The representative studies rubric: 12 steps to address underrepresentation in HIV clinical research


BACKGROUND: HIV clinical research often fails to enroll samples of participants that are representative of the HIV epidemic. Failure to include representative study populations results in compromised generalizability, misclassification of study populations, disparities in PrEP regulation and coverage, safety and efficacy uncertainties of ARV use in pregnancy and breastfeeding, and undermined efforts to address health disparities. The underrepresentation of certain participant populations in HIV research occurs as a constellation of systemic processes, many of which are institutionalized within the field of clinical research. The presenters developed a tool, the Representative Studies Rubric (RSR), consisting of a 12-item questionnaire that can be applied to study protocols to facilitate enhanced inclusion of underrepresented populations.
DESCRIPTION: The RSR examines individual study protocols for their representativeness in terms of age, ethnicity, gender, injection drug use, pregnancy, race, and sex assigned at birth. The presenters pilot tested the RSR in a retrospective analysis of 100% of study protocols (47) conducted by the NIH-funded HIV/AIDS clinical trials networks that were actively enrolling study participants in September 2021: AIDS Clinical Trials Group (21 studies); COVID-19 Prevention Network (1 study); HIV Prevention Trials Network (5 studies); HIV Vaccine Trials Network (5 studies); HPTN/HVTN (3 studies); International Maternal Pediatric Adolescent AIDS Clinical Trials (10 studies); and Microbicide Trials Network (2 studies). Findings were presented to research leadership to activate process improvement.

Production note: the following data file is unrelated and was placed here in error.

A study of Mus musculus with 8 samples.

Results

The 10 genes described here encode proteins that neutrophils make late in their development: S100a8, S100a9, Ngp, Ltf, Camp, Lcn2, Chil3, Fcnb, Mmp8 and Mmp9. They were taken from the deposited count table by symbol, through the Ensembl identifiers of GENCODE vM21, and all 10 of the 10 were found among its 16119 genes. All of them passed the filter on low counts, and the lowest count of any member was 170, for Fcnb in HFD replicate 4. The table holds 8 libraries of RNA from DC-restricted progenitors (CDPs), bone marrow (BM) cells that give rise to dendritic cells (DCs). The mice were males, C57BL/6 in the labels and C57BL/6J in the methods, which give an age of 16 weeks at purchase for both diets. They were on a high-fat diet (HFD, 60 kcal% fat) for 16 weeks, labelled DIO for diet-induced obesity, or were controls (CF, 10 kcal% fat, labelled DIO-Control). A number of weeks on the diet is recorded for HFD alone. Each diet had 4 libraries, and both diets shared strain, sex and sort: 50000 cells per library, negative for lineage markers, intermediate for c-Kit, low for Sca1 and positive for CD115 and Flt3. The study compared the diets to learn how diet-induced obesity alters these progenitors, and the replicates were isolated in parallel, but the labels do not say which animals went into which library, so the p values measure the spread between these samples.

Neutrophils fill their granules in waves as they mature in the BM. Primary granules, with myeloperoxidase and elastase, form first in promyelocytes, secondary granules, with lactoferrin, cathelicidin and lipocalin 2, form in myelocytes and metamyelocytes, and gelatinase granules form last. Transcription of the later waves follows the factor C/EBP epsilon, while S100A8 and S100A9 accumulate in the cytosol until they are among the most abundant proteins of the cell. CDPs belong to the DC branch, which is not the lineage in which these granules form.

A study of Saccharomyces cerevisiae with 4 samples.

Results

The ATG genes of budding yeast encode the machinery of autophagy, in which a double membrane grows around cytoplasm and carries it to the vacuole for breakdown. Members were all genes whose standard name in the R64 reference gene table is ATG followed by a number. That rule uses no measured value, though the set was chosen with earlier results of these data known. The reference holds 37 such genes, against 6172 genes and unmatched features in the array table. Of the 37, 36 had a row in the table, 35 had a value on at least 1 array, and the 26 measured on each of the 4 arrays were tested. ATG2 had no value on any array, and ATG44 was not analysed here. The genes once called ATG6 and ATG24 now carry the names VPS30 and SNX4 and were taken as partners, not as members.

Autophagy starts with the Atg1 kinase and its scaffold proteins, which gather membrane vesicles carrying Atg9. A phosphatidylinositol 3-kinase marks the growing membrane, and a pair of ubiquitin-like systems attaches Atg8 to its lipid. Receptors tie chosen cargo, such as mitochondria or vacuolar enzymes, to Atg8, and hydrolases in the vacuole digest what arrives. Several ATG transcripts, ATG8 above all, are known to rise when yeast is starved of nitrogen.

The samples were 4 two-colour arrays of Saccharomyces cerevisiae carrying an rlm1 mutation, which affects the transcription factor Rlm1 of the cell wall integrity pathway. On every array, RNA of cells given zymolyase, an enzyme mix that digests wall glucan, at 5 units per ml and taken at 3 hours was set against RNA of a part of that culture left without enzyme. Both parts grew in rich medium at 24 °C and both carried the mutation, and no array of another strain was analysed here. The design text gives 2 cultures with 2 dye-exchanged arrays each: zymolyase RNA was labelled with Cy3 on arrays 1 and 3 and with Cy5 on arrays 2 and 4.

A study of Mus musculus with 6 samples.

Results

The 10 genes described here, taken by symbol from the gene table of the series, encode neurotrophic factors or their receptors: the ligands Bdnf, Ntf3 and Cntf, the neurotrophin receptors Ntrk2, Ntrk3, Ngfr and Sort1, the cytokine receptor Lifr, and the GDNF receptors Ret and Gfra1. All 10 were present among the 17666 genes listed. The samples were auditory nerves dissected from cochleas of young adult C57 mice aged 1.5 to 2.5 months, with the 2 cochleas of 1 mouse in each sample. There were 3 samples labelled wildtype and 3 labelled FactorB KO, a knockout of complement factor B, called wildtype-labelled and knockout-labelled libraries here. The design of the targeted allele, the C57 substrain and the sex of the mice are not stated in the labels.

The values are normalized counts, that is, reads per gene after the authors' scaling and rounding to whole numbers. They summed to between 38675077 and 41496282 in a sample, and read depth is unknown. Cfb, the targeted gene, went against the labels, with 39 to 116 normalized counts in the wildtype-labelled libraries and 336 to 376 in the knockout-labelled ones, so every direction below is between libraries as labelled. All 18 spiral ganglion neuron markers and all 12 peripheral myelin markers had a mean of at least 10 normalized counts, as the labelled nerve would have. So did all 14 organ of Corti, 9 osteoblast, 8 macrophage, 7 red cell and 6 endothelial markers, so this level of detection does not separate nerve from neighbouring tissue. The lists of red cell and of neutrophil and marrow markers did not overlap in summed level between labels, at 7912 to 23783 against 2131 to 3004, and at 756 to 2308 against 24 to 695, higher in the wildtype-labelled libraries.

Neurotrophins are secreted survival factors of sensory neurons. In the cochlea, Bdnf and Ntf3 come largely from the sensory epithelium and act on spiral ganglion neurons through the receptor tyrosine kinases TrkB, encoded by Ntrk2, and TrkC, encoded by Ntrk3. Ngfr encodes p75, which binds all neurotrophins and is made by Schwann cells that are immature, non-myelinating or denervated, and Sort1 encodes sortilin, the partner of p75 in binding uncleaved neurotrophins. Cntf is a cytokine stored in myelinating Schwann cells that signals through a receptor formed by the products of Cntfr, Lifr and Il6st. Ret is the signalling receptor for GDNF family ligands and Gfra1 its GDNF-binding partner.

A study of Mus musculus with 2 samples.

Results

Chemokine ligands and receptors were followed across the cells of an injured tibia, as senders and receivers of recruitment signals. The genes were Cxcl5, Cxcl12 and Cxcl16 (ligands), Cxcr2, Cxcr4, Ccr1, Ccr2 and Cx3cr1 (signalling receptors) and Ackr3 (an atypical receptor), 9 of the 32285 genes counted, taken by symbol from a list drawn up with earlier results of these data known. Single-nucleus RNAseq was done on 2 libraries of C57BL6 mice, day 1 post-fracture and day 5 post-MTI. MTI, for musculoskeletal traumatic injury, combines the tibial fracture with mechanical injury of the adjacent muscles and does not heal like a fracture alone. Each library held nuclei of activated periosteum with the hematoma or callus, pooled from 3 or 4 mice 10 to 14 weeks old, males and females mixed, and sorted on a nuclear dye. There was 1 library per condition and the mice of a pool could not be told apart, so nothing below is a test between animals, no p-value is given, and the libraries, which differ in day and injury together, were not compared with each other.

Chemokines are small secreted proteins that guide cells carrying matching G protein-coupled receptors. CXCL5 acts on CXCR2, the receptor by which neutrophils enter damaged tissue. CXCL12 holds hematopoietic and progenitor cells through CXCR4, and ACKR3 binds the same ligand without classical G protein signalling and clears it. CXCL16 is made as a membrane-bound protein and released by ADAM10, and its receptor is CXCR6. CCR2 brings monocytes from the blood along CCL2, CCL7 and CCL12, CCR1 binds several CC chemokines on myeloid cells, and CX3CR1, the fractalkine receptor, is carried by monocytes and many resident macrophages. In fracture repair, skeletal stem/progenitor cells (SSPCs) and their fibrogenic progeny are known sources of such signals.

LESSONS LEARNED: The systematic exclusion of underrepresented populations is widespread, and it most often occurs passively through ambiguous and exclusionary definitions of study populations. Too few studies prioritize representative sampling through the use of population-specific enrollment goals, and stigmatizing language is ubiquitous. However, research staff are highly committed to enrolling more representative study populations.
CONCLUSIONS: Institutionalized barriers in HIV research perpetuate the exclusion of underrepresented populations. The RSR should be implemented proactively in the development of study protocols to help correct these institutionalized barriers, advance scientific integrity, and facilitate equitable representation of study populations. The NIH-funded HIV/AIDS clinical trials networks are currently working to implement the RSR as a protocol development tool. Research entities outside these networks should consider implementing the RSR as well.